One of the hazards of researching your family history is uncovering unexpected tales of ill repute. While I’m not sure the crimes for which Irishman William Flanagan was convicted by his British overseers would qualify today as heinous acts, they do leave a wisp of a paper trail. And I can’t pass up the chase.
It all began with the slightest shred of a clue. Uncle Ed, my source of many research hints, had once written in a letter that William Flanagan “spent many years in Australia.” No other details. This was the only bit he could provide of the story about a man living in the 1800s.
While a trip Down Under may be fashionable fun in the jet age, for an Irishman of that time period, that sort of “vacation” could only mean one thing: Transportation. That was the sentence doled out by the British for their subjects in Ireland and elsewhere found in violation of the many codes enforced at that time.
Fortunately for me, some history-minded soul of more recent years decided that archiving all the Transportation records—and other criminal records—of that era would serve the public good, and put the collection on the internet for all to see and search. That’s how I found William Flanagan.
Of course, I’m not yet sure that this is my William. It seems quite possible. The trial was held in Cork. I know from a letter to his sister, which the family still has, that the mail route to the family home was from Cork just over the county line to County Limerick, and it is quite possible that her brother also lived in that area. But if our William did indeed end up being shipped off to Australia, I can find no further records from Ireland showing that that was done. Nor can I find any records from Australia to any destination in the United States showing how William returned to meet his sister Anna who, by then, had surfaced with her daughter in Chicago. All the document states about the court case is that the trial was regarding the question of stealing trousers and “former convictions.” His trial date was set for March 22, 1851. He was sentenced to “Transportation, seven years.”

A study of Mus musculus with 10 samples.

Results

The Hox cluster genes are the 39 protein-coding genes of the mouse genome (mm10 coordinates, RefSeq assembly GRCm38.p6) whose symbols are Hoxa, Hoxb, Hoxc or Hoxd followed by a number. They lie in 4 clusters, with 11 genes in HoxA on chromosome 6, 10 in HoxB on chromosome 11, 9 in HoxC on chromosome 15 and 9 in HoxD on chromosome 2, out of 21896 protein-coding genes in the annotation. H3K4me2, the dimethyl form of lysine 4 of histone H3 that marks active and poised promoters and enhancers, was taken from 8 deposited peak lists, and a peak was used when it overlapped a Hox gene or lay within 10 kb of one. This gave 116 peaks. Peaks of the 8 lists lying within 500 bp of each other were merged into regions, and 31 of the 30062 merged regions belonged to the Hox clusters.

His death certificate shows only that, by the time of his passing in 1893, William had been in the state of Illinois for eighteen years, and that his place of birth was in Ireland. Nothing about Australia. His obituary was mum on the subject, too, listing only the date of his death, the church where his funeral was to be held, and the cemetery selected for burial. Presumed to be 80 years of age at the time of his death, William was a single man, so there was no one in his direct line to carry on the oral tradition of his origins. Thankfully, the obituary mentioned the link to his niece, Chris’s great-grandmother Catherine Malloy Tully. Other than that, there is little we know about the man who, through a quirk of British history, found himself unpaid passage to the far side of the world.